Rowing for gold as as Northern Ireland stars aim for world glory
Alan Campbell can achieve a lifetime’s dream and become world champion tomorrow in the men’s single sculls.
It will be around seven minutes of agony in what promises to be a gladiatorial battle in the final on Lake Karapiro in New Zealand.
Since making his Great Britain senior debut in 2004, the Coleraine sculler has improved year on year but really had a breakthrough result when he clinched the silver medal at last year’s world championships in Poland.
Now he has left nothing to chance in trying to go one better; the question is can he?
“Definitely,” he said after Thursday’s semi-final win when he left two-time Olympic champion Olaf Tufte from Norway in his wake.
“I feel in my mind that I can, I feel good, I feel strong and I feel I’ve got what it takes to win.
“I think I’ve prepared very, very well and I’ve got a great coach in Bill Barry and a great support team around me, so everything is in place.
“I will put up my best performance, there’s no doubt about that, my best performance will come out in the final.”
Campbell has been looking forward to taking on local favourite and four-time world champion Mahe Drysdale in his own back yard from the moment the Kiwi held of his challenge 14 months ago.
Both men will have to look out for the star of 2010 so far, Ondrej Synek from the Czech Republic, who has the ability to beat them both.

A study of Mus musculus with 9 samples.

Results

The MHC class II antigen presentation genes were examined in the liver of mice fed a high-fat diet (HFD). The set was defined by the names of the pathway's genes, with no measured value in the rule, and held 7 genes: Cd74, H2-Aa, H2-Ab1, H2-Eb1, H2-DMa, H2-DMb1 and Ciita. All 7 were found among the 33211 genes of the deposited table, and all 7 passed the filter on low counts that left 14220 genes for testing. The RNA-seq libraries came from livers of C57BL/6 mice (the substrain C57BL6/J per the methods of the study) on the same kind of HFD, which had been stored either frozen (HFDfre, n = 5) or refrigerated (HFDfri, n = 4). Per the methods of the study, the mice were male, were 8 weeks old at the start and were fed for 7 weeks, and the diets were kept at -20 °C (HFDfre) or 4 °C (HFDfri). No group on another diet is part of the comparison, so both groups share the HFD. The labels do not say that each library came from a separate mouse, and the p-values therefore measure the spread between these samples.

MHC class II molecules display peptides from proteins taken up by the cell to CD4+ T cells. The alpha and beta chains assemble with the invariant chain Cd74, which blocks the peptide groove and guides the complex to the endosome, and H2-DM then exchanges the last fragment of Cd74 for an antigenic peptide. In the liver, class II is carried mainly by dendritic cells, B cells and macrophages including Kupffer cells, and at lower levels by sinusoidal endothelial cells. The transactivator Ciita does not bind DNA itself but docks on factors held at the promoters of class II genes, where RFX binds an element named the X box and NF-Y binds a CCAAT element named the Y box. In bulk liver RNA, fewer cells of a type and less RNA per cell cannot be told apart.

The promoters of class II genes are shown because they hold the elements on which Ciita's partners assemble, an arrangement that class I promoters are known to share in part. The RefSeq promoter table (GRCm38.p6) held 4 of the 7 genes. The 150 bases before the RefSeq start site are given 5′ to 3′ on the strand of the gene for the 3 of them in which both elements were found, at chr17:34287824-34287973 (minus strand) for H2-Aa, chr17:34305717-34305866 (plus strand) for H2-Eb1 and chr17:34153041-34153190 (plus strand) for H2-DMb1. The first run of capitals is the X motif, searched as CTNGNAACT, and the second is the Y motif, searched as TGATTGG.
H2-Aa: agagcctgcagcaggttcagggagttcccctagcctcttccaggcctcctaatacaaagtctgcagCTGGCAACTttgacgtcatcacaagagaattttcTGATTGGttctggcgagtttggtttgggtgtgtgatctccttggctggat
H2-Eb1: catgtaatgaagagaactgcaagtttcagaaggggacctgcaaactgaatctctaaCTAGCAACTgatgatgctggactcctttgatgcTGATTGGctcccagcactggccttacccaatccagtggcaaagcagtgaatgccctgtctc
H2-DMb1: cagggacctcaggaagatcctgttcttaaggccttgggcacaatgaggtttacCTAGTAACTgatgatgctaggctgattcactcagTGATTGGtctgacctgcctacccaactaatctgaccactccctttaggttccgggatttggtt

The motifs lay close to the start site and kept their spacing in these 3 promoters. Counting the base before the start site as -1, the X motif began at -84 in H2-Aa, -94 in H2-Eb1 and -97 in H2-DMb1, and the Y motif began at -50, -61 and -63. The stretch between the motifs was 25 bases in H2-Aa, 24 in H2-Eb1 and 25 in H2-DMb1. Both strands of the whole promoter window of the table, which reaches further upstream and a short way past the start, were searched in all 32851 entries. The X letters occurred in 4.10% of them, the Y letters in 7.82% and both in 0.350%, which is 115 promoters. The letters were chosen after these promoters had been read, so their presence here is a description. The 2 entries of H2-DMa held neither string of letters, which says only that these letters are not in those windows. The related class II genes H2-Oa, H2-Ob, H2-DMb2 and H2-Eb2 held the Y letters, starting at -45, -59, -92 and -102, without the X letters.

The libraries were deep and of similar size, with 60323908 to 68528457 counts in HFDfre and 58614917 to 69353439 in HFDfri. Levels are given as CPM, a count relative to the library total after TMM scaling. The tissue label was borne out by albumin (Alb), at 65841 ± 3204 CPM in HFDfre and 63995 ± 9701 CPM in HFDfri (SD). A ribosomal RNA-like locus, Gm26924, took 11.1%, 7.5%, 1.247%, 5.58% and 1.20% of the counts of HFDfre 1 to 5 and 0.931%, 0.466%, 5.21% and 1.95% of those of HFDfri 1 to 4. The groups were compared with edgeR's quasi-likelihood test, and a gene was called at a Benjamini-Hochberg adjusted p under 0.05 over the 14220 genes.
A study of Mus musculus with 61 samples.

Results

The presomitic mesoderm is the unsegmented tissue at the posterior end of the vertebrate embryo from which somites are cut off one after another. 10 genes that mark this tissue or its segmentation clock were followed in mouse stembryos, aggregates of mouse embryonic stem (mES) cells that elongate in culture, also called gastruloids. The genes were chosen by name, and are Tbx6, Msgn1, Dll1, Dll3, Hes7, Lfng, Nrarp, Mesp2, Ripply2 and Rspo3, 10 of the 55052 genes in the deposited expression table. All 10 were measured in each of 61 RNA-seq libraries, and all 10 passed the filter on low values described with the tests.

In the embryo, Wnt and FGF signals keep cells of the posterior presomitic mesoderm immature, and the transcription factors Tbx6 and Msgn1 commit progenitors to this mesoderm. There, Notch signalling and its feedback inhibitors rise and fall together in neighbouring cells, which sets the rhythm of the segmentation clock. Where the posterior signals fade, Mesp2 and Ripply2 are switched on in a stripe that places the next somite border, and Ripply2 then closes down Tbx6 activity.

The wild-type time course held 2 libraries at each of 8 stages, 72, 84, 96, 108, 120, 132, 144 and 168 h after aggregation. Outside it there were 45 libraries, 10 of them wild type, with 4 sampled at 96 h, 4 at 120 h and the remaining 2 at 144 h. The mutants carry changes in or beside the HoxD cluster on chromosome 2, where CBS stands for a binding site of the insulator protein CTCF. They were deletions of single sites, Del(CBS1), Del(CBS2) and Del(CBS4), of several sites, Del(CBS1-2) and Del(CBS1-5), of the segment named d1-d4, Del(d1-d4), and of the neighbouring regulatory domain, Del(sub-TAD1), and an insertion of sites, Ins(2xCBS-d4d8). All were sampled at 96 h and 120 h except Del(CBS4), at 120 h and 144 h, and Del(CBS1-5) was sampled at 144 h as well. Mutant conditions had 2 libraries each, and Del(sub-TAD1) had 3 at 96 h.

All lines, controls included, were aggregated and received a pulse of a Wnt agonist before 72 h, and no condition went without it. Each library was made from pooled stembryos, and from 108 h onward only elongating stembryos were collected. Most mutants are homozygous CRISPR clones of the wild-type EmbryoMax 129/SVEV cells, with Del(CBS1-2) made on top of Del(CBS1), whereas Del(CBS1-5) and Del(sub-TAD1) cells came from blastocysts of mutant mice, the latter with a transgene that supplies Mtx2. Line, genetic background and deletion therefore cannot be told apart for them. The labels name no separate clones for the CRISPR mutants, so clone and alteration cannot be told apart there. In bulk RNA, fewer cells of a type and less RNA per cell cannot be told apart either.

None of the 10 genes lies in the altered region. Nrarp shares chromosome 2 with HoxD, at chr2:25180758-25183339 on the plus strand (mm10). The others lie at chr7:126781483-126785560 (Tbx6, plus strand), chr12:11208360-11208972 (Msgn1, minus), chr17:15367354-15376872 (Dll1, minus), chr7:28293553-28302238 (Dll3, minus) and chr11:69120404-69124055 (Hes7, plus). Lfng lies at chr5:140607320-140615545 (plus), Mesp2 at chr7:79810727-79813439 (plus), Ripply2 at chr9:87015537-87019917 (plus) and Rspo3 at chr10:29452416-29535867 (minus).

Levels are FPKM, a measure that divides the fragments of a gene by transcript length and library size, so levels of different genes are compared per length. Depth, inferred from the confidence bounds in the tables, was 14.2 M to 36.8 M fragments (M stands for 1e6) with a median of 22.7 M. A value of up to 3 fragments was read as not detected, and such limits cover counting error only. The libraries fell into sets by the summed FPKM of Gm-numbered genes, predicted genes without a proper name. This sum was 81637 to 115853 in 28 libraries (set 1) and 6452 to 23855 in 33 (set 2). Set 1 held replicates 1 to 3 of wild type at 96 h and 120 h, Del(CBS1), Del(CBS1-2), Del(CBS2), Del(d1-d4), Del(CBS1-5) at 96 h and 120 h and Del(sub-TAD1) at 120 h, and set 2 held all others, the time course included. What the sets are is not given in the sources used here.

“Earlier in the year at the first world cup in Slovenia, Ondrej sort of let me win the semi-final and then gave me a lesson in true sculling in the final.
“I think there will be more to come from him, more to come from Mahe and there’s still plenty more to come from me.
“I feel the real winners will be the spectators who are watching it because it will be a great spectacle to see and I can’t wait to be part of such a great race that will probably be one of the most heavily contested in the history of the single sculls.”
Campbell reckons he rows around 9,000km a year and spends 200 hours in the weight room and around 50 hours of cross training.
It’s around six hours a day in total dedication to the ultimate goal — to be the best in the world.
“It's a quality field here. Steve Redgrave said it before so I'm going to say it here, too. I want to win gold.”
Richard Chambers knows what the feeling is like to be a world champion; he was part of the Great Britain lightweight four that won the title three years ago in Munich.
They couldn’t emulate that achievement in the Beijing Olympics, finishing fifth in the final, and Chambers was forced to sit out all of 2009 with a back injury.
Now, along with Paul Mattick, Rob Williams and Chris Bartley they are favourites for gold after a terrific season that has seen them win the World Cup series and qualify comfortably for the final.
But Chambers has warned that the Chinese team’s status as the new kids on the block makes them dangerous opponents in the battle to hit the top of the podium.
Chambers says: “We’ve raced and beaten everyone this season except the Chinese who have come out of nowhere and are an unknown quantity and we are going to have to watch them.
“There is a lot of strength in depth in the event and you have to work so hard to make the final and if you get there you can take confidence that you are the best in the world in lightweight rowing.
“We want nothing less than gold. Silver or bronze doesn’t matter to us. We train to win and that’s all we’re going out to do.”